April 10, 2013 in Nation/World

Cuba will turn over Florida couple, sons

Boys taken from custodial grandparents
Paul Haven Associated Press
 

Joshua Hakken
(Full-size photo)(All photos)

HAVANA – Cuba said Tuesday that it will turn over to the United States a Florida couple who allegedly kidnapped their own children from the mother’s parents and fled by boat to Havana, ending days of drama that evoked memories of the Elian Gonzalez custody battle of more than a decade ago.

Foreign Ministry official Johana Tablada told the Associated Press in a written statement Tuesday that Cuba had informed U.S. authorities of the country’s decision to turn over Joshua Michael Hakken, his wife Sharyn, and their two young boys.

She did not say when the handover would occur, but reporters saw Sharyn Hakken leaving the dock of Havana’s Hemingway Marina in the back seat of a Cuban government vehicle and workers later said that all four Hakkens had been taken away.

Tablada said the Foreign Ministry had informed U.S. diplomats on the island “of the Cuban government’s willingness to turn over … U.S. citizens Joshua Michael Hakken, his wife Sharyn Patricia and their two minor sons.”

She said Cuba tipped the State Department off to the Hakkens’ presence on Sunday and that from that moment “diplomatic contact has been exchanged and a professional and constant communication has been maintained.”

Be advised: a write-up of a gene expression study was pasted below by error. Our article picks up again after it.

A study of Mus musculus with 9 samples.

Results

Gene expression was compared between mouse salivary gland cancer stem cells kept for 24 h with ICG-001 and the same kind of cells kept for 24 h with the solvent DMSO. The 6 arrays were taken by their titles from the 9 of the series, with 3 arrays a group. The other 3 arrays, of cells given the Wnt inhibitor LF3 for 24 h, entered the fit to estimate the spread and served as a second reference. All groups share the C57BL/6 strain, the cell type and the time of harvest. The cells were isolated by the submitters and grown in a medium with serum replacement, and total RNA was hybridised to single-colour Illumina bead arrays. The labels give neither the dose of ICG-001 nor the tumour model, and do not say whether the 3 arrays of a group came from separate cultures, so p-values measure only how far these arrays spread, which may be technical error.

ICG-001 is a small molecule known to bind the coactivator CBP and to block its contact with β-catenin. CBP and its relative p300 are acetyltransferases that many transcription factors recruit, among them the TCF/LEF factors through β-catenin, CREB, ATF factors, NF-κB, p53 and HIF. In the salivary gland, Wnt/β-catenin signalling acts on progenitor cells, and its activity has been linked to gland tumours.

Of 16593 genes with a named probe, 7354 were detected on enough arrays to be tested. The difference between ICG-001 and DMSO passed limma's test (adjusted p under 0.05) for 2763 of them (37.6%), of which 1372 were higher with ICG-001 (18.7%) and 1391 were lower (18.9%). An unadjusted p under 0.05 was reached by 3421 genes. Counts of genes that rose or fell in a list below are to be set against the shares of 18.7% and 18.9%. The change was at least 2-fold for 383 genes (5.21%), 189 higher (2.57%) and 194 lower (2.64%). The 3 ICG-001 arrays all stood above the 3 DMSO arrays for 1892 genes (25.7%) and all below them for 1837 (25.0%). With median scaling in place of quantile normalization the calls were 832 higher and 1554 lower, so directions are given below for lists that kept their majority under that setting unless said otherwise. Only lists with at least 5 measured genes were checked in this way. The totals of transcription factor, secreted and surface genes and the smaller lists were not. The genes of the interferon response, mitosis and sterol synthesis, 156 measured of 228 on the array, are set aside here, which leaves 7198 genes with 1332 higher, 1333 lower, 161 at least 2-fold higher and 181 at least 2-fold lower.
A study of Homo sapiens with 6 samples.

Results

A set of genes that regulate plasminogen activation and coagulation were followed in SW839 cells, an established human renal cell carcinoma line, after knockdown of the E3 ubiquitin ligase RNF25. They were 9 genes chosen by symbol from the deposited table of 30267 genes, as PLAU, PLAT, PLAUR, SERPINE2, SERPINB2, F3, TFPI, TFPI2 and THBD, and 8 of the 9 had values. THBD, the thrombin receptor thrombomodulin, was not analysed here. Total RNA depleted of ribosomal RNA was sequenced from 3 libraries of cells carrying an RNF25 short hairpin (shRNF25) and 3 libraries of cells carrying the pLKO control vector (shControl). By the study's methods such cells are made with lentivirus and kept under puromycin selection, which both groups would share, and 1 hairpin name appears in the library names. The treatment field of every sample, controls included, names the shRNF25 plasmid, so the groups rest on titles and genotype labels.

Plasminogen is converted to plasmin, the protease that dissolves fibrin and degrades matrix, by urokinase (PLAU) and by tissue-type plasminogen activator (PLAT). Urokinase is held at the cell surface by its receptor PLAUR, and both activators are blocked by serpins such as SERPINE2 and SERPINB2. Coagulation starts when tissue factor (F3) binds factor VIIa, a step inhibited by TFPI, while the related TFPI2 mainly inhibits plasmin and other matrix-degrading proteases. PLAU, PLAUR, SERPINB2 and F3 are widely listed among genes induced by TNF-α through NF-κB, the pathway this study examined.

U.S. authorities say Hakken kidnapped his sons, 4-year-old Cole and 2-year-old Chase, from his mother-in-law’s house north of Tampa. The boys’ maternal grandparents had been granted permanent custody of the boys last week.

The U.S. and Cuba share no extradition agreement and the island nation is also not a signatory of the Hague Convention on the Civil Aspects of International Child Abduction, an international treaty for governmental cooperation on such cases.

Cuba has harbored U.S. fugitives in the past, though most of those cases date back to the 1960s and ’70s, when the island became a refuge for members of the Black Panthers and other militant groups.

But Cuba has also cooperated with U.S. authorities in returning several criminal fugitives in recent years, including Leonard Auerbach in 2008. Auerbach was wanted in California on federal charges of sexually abusing a Costa Rican girl and possessing child pornography. He was deported.

In 2011, U.S. marshals flew to Cuba and took custody of two American suspects wanted in a New Jersey murder.

Hakken lost custody of his sons last year after a drug possession arrest in Louisiana and later tried to take the children from a foster home at gunpoint, authorities said. A warrant has been issued for his arrest on two counts of kidnapping; interference with child custody; child neglect; false imprisonment and other charges.